Coulees

  • Road trip: Black Hawk's trail

    A sorry episode in U.S. history is recounted along the scenic byways of southwest Wisconsin.

    In 1804, the clock began to tick for the Sauk and Fox tribes of southern Wisconsin and western Illinois. Tribal councils had not authorized the sale, and the chiefs soon regretted it, but they kept the bargain.


    In the southwest Wisconsin countryside, expert reenactors bring the misery of war home.

    It was a gorgeous fall day in southwest Wisconsin, and all we could see was heartache and misery. "Welcome to Virginia 1862," read the sign at the gates of Norskedalen, where pioneer homesteads evoke the Civil War era. Pushing open the door of a chinked-timber farmhouse, we encountered Nedda Blodgett, who was surprised to find strangers in her parlor but quickly welcomed us in a Southern drawl.


    In the nooks of coulee country south of La Crosse, people of all kinds found a niche.

    In 1862, a poor Norwegian couple and their four small children, including their infant son Thorvald, joined a wave of immigrants to Wisconsin, eventually settling in the coulees of Vernon County. They ran headlong into a slaughter that remains one of the most shameful chapters in U.S. history. Today, 11 plaques mark the route, which ended near the town of Victory.


    A Norwegian village in southwest Wisconsin has a longtime love affair with ski jumping.

    In Westby, Norwegians take their love of tradition to extreme heights. The high ridges and deep coulees south of La Crosse drew so many Norwegian immigrants in the 19th century that the area around Westby became known as "America's little Gudbrandsdal,'' after the valley in Norway.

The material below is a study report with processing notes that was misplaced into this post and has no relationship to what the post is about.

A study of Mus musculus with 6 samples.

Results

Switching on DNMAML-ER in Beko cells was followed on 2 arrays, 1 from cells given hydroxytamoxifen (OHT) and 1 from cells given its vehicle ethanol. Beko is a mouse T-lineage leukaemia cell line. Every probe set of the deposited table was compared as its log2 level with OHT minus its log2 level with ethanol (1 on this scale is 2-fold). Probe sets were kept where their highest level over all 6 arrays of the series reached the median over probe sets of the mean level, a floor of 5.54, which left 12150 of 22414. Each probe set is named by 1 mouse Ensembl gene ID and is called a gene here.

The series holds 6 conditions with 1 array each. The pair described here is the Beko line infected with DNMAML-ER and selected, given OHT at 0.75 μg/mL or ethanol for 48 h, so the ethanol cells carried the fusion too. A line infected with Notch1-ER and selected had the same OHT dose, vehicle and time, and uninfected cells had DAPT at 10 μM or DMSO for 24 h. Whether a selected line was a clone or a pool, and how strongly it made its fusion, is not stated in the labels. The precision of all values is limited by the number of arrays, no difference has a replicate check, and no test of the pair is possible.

In southwest Wisconsin, a looping river plays peekaboo.

    In southwest Wisconsin, following the Kickapoo River is a lot like watching a magic act: No matter how closely you pay attention, eventually what you see is going to disappear into thin air. When it reappears, it will be in a completely different spot, and you'll have no idea how it got there. "Look, there it is again," said my husband, as we drove Wisconsin 131 through the Kickapoo Valley. "It's meandering like mad."


    The valleys and bluffs around Prairie du Sac draw paddlers, hikers and Sunday drivers.

    At Prairie du Sac, the Wisconsin River finally breaks free. Lined with so many dams and reservoirs it's often called the nation's hardest-working river, the Wisconsin devotes itself to play after it passes the town. Then it becomes the Lower Wisconsin State Riverway, beloved by canoeists, who like to play on its many sandbars.


    In central Wisconsin, the Baraboo River and 400 Trail form a scenic loop.

    In Wisconsin's Driftless Area, the 400 Trail and Baraboo River go together like ice cream and cones. One is good. Both is better. They follow each other for 22 miles, the trail only a few feet above the river and its sloughs. Snapping turtles think the trail is a beach, depositing their eggs into its crushed limestone, and fishermen walk the trail to get to secret fishing holes.


    In coulee country, a green zone is known for morels, apples, wildflowers, bird-watching and a winding river.

    In the coulees of southwest Wisconsin, a lush green zone draws anyone who craves a heady dose of nature. It starts in spring, when trilliums bloom along Rustic Roads, morel mushrooms pop out on hillsides and water rushes down the crooked Kickapoo River. It's not close to any city, but people find their way. Norwegians were first to be drawn to its deep, narrow valleys, like miniature fjords.